Material Girls

Material Girls

Dunlop Art Gallery, Regina

January 30 – April 5, 2015

Doris McCarthy Gallery, Toronto

February 3 – April 9, 2016

It’s said that Japan’s Lolita culture originated as a means of deterring men—an aesthetic too strange and unpalatable for the male gaze.  Lolita fashion and culture is excessive; over the top, overwhelmingly pink, brimming with girly cutesiness, and most importantly: it’s not for you.  This exacting, hyperfeminine aesthetic and unceasing commitment to girliness is a subculture constructed by women for other women.  Today, we see this rhetoric experiencing a revival in modern feminism, with the themes of shameless, girly self-celebration and unified female resistance beginning to emerge.  The exhibition Material Girls is a collection that exemplifies these themes.  Weaving together a harmony of identities, stories, and histories, Material Girls collectively revels in the redefined female identity: undoubtedly feminine, but on our own terms.  Bold and unruly in both its message and aesthetic, Material Girls presents us with the kind of DIY, homegrown feminist activism seen on youth and pop culture hubs like Tumblr or even Instagram: girly, unrefined, relentless.

Each work is an instance of defiance when presented with the monotonous, traditional (read: patriarchal) conventions and expectations of femininity.  Sarah Anne Johnson’s chromogenic nude and masturbating portrait (Happy Bubble [2013]) demystifies the age-old “taboo” of female pleasure sans homme.  Women’s bodies are not simply outlets for male gratification, we (quite literally) love ourselves, and are proud of it.  Likewise focusing on the assumptions made of the female body, the piece Velvet Crease (2012), a cheeky name for Deirdre Logue’s three-part, close-up video installation of a hairy and glitter-doused vulva, is a feminist action in a similar vein to dying one’s armpit hair or smothering grown out roots in glitter.  “Why does this make you uncomfortable? Why can’t I be satisfied with my natural body as it is?” Logue seems to ask in response to the unwritten expectations for female “maintenance.”  Logue takes this feminist act further by questioning the discomfort felt when female bodies, and particularly genitalia, are presented outside of a sexualized context.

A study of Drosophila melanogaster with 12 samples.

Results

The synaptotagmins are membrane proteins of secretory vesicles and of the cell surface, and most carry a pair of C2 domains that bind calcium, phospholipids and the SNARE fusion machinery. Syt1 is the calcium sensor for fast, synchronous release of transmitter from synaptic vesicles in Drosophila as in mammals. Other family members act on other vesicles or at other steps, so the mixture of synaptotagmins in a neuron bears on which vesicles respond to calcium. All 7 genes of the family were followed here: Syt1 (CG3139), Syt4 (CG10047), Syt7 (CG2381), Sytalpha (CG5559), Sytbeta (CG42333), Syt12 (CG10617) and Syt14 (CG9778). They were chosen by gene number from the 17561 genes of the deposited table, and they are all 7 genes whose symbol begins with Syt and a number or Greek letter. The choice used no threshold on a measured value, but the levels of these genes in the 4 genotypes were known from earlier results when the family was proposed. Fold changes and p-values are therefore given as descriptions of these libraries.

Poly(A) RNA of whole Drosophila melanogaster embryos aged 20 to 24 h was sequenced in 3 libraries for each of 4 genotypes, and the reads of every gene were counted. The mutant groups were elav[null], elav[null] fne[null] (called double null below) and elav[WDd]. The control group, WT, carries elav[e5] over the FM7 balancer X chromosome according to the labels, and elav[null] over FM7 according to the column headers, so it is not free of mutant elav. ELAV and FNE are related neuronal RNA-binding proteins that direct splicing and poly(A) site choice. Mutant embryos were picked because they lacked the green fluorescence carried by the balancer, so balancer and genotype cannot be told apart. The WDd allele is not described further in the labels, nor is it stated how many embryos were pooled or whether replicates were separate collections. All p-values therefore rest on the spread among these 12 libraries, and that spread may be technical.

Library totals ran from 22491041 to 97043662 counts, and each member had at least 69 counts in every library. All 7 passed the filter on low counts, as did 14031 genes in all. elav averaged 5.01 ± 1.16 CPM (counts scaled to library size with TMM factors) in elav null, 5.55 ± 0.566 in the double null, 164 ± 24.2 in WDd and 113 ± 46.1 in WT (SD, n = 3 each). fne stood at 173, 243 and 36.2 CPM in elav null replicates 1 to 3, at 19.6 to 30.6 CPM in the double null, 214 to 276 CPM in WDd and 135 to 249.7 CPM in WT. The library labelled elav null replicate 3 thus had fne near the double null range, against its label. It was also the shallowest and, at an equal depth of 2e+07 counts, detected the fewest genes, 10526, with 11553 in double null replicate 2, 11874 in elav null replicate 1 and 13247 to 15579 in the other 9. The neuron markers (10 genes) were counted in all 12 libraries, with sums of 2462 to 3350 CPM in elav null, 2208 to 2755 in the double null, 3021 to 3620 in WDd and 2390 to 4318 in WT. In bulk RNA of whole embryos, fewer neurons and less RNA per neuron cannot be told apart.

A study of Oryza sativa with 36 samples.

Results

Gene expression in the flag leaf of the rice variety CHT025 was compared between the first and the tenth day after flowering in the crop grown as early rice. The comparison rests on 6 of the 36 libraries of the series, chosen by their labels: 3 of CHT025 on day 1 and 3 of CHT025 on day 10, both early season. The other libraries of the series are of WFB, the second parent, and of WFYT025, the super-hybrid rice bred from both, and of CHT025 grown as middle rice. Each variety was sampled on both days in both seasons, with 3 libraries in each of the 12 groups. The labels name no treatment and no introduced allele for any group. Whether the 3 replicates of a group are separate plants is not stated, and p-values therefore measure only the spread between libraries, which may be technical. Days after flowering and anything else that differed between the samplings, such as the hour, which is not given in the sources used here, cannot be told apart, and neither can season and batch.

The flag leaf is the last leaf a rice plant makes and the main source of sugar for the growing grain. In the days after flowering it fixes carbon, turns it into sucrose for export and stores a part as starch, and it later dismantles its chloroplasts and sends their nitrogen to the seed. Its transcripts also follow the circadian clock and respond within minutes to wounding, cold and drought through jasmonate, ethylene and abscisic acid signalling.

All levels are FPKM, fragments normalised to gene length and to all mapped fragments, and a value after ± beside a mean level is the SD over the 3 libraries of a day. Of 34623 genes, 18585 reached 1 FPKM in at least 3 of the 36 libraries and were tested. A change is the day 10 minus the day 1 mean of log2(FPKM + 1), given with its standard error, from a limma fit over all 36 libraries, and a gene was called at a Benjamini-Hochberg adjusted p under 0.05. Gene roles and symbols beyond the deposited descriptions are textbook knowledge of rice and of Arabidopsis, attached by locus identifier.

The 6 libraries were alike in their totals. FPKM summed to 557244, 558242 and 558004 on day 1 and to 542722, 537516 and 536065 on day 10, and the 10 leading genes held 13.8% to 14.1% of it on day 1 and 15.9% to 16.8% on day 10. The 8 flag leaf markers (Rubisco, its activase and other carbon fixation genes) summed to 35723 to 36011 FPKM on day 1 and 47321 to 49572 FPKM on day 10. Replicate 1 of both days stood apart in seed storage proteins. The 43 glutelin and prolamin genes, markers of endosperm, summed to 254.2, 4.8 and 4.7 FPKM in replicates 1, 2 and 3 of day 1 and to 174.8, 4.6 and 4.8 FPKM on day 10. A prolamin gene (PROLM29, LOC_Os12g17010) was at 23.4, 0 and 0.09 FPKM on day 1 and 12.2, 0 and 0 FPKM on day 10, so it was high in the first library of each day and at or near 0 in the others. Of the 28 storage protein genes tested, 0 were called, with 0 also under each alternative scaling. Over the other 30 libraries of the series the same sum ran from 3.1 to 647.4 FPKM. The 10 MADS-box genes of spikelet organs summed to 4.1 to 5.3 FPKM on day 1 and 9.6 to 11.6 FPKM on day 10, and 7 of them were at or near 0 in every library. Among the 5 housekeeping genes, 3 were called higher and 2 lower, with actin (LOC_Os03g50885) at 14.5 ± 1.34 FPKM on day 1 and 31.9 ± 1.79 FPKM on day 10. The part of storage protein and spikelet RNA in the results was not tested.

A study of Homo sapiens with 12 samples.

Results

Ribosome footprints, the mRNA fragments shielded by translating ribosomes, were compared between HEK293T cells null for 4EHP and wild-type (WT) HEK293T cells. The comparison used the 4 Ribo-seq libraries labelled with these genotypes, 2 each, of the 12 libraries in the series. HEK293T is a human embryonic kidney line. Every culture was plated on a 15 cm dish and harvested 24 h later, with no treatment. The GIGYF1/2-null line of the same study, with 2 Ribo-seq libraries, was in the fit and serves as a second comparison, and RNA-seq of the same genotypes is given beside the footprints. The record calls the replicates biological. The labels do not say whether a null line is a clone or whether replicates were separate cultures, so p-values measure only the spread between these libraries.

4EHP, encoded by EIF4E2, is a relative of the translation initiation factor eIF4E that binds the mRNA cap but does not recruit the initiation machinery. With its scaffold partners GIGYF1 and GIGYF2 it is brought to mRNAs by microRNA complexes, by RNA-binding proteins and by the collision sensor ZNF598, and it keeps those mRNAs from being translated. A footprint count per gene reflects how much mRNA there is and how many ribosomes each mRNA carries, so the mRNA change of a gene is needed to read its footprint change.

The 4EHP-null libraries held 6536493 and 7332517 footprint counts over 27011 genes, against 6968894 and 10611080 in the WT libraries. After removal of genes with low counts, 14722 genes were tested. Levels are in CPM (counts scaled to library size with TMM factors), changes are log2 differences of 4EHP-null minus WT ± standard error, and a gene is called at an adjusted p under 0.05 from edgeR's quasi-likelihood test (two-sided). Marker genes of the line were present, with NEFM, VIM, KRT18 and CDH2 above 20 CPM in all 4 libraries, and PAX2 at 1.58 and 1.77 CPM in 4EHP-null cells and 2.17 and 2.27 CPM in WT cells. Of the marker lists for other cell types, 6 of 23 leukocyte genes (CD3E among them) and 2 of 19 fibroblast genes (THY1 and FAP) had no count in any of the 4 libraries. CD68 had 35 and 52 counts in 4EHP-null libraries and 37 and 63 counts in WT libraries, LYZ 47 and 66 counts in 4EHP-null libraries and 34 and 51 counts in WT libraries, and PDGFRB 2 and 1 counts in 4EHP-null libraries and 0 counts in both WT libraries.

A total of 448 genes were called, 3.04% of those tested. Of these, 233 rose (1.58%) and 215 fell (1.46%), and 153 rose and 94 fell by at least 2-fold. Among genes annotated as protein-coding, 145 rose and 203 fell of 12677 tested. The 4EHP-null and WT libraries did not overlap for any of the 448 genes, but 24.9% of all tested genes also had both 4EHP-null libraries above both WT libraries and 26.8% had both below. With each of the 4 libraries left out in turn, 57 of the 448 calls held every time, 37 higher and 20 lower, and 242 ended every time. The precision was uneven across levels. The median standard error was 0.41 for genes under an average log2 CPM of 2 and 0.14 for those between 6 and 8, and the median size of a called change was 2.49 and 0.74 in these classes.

Sanaz Mazinani is likewise critical of the presumptions placed on her as an Iranian-born North American woman— is she a sex object or terrorist?  She remarks on this dichotomy with images of a bikini-clad Paris Hilton and a female suicide bomber in her massive, kaleidoscopic, sculpture, Together We Are (2011).  Mazinani’s voice as a women of colour stands among the many featured in Material Girls, all collectively reforming their cultural narratives.  Artists such Korean born Ran Hwang pays homage to her roots, referencing the massive sweatshop and the fast fashion industry ubiquitous throughout Asia – an industry predominantly fuelled by the labour of women.  In her piece Two Love Blossoms (2013), Hwang describes the laborious assembly process to be “zen-like,” meticulously creating flower blossoms solely comprised of buttons and pins. 

The contemporary feminist embraces her femininity, while rejecting preconceived notions of what that should or should not entail.  Arguably, the contemporary feminist is also a material girl in the sense that she is indulgent in herself, whether that be in her own femininity, or by advocating for her autonomy as a woman.  Material Girls presents a single facet of contemporary feminist art, but it’s girly, raw, and unapologetically kitschy aesthetic and intersectional message is a combination that unquestionably connects to the growing multitude of next-generation feminists.